A New South Wales Rural Fire Service 9000-litre heavy tanker with firefighting capacity was trialled south of the border, with great success, last summer.
The vehicle was put through its paces tackling grassfires in the Wimmera, Mallee, south west and north east of Victoria with feedback sought from all participating drivers and crew.
It responded to incidents and took part in planned burns. The Lismore and District Group was impressed with its performance during break burning, while its arrival in District 24’s Browns Plains Fire Brigade area coincided with a series of dry lightning strikes.
“A heap of fires dropped which kept the district busy,” said Captain Matt Partridge. “We rolled this vehicle with a portable radio and it went out with our medium tanker. It was very well set up with the monitor on the front and an extra nozzle so it could be driven to the fireline and the driver presses a button.
“It’s such a useful thing to have in an agricultural area where there aren’t so many people. We’ve got 16 to 20 active members but this vehicle can fight fires with just two or three people on board and the 9000 litres means a longer time between refills. It was easy to shunt water into other tankers so that’s a bonus when there’s not a water source close by.
“It’s a much bigger vehicle so be mindful where you take it, but most of our members drive heavy machinery all the time so that’s no stretch for us.”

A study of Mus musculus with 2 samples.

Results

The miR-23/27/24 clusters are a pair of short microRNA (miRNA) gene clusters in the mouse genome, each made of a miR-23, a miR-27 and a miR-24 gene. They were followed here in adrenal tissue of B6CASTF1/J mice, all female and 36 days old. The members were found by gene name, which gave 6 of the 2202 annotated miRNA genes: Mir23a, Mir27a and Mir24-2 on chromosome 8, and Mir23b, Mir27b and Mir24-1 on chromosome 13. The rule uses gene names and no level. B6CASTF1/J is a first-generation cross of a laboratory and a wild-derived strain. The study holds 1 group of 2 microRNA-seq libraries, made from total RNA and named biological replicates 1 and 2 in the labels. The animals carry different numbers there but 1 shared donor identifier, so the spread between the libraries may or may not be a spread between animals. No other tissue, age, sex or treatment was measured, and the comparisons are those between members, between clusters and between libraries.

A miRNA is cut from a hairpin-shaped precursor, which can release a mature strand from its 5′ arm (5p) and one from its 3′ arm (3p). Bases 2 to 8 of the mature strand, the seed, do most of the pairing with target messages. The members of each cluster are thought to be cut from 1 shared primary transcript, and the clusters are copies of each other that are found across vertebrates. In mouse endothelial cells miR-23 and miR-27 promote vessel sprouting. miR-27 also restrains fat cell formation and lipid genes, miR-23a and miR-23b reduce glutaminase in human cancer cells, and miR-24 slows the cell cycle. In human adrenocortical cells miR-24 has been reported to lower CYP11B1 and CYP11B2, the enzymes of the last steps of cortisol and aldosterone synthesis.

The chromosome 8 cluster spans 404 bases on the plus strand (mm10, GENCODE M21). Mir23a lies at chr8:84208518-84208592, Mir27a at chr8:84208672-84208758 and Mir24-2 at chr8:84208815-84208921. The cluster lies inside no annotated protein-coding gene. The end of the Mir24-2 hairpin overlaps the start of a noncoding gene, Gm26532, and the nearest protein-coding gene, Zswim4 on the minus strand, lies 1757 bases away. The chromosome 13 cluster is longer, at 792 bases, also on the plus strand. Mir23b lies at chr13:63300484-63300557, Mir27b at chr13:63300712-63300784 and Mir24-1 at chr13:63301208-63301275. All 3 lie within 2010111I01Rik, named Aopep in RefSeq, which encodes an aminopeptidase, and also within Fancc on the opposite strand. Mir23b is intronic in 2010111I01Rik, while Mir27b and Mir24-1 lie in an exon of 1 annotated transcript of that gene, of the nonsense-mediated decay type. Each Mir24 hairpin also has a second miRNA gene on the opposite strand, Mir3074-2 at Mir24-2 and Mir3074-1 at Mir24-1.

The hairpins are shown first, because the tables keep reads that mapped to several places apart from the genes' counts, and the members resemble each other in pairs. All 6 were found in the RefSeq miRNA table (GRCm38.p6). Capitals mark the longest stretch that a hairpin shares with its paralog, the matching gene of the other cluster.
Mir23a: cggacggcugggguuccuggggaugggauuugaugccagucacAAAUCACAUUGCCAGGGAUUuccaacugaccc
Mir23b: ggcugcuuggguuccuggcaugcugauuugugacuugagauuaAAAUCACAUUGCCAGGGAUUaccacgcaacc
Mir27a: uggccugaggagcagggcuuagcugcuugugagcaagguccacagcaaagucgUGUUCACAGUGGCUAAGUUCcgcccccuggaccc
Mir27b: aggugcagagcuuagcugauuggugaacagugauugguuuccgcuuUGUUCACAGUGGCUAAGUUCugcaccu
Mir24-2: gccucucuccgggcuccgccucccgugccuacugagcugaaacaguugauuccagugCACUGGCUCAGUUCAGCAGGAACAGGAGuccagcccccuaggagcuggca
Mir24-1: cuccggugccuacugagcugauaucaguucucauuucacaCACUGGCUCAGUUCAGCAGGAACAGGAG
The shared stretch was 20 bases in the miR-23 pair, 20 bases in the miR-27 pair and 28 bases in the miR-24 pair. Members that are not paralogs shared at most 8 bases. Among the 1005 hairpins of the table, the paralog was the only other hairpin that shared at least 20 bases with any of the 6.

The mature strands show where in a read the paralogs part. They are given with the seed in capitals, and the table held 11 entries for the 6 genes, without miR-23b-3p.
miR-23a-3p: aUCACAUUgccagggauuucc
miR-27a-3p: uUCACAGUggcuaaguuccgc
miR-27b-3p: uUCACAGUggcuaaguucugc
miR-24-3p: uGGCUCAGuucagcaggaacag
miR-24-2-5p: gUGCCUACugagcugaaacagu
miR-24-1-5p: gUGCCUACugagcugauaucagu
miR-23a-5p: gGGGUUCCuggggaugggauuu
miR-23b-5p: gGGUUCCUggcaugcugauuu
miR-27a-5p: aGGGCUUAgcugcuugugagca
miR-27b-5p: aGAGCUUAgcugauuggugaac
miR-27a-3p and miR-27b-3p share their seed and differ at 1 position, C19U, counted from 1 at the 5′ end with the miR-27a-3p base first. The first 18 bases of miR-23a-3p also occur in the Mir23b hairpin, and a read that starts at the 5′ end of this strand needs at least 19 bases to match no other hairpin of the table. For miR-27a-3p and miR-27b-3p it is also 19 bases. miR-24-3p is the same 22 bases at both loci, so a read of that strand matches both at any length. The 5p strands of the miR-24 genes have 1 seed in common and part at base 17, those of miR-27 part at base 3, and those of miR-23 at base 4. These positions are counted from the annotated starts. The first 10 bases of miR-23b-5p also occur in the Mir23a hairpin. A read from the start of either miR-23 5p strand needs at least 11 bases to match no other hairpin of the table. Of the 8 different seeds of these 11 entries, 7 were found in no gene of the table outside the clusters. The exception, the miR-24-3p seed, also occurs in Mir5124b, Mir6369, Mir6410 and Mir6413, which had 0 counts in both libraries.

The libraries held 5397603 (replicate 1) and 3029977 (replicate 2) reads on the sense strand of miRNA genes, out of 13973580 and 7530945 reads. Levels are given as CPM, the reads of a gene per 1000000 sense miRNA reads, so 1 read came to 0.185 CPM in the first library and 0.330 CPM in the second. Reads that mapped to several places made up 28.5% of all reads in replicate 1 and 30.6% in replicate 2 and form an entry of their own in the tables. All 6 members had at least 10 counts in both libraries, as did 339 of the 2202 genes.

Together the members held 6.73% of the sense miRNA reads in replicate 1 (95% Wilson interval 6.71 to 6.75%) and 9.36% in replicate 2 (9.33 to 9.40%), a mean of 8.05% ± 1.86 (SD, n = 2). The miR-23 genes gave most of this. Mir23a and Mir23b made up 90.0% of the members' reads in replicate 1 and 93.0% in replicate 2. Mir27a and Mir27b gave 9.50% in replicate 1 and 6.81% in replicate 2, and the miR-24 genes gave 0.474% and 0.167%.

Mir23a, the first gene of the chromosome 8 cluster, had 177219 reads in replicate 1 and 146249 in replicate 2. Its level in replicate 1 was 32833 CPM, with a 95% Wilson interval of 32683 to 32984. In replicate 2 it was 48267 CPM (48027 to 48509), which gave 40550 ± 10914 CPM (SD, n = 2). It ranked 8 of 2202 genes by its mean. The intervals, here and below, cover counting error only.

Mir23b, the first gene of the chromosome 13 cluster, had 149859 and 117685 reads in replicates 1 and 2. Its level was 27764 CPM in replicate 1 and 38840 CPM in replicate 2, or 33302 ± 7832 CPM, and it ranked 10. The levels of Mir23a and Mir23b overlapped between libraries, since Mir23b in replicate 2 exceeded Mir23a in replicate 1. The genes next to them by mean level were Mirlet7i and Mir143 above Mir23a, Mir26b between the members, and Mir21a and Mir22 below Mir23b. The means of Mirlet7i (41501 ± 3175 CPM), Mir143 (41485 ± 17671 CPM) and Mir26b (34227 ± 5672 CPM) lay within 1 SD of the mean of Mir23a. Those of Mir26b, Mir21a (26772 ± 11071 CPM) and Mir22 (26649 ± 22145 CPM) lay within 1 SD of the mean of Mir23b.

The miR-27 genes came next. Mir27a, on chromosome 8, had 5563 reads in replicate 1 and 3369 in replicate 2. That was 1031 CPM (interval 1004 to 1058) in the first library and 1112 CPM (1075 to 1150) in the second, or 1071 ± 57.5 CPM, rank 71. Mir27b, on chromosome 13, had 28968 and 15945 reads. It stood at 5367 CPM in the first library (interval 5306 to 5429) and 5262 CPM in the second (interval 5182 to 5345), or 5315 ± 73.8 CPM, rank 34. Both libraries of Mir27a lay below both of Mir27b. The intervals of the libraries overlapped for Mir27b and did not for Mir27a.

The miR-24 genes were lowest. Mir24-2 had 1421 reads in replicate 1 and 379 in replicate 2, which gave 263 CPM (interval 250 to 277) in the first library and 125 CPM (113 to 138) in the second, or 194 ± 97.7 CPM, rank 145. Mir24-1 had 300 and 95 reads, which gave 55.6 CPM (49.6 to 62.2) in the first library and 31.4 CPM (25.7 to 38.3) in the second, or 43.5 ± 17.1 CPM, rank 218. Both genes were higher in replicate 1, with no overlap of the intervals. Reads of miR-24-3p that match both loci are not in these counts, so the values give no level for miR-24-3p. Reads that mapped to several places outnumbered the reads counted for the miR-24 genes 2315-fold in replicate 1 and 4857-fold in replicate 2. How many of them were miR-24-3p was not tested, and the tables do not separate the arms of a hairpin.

CFA has committed to building two of the 22.5-tonne vehicles although changes will be made based on the trial feedback. Not being changed, however, is the bulbar-mounted remote control monitor which performed so well under pressure. The crew protection system will be altered to meet CFA standards. Those trialling it were impressed by the rear deck which allowed for crew to deal with blacking out any fire the front monitor missed.
“District 6 would be very, very keen to be involved in the build and trial process,” said Instructor Mike Evans. “Many people see this as the future of grassland firefighting in rural areas with the declining availability of volunteers to operate multiple smaller tankers.
“The longevity of the water for knock-down and wet-down for burning was a big feature and this would also apply to mop up. There’s also the possibility of using the tanker as a bulk water carrier and mop up truck to support bushfires or planned burns.”
The trial also visited metro South East Region where a forum at Pakenham Fire Station was attended by 30 to 40 volunteers who provided further feedback.
District mechanical officers around the state maintained the vehicle which was driven between locations by project officer Toddy Small. Operations Manager, Wildfire Planning and Forestry Industry Brigades Gary Weir oversaw the trial and welcomed all feedback.
“All districts were extremely supportive and mentioned the gap in the current fleet with water-carrying capacity,” said Gary. “There was a definite feeling that it filled a void missing within the current CFA fleet.”
Thanks to Gordon King for additional material.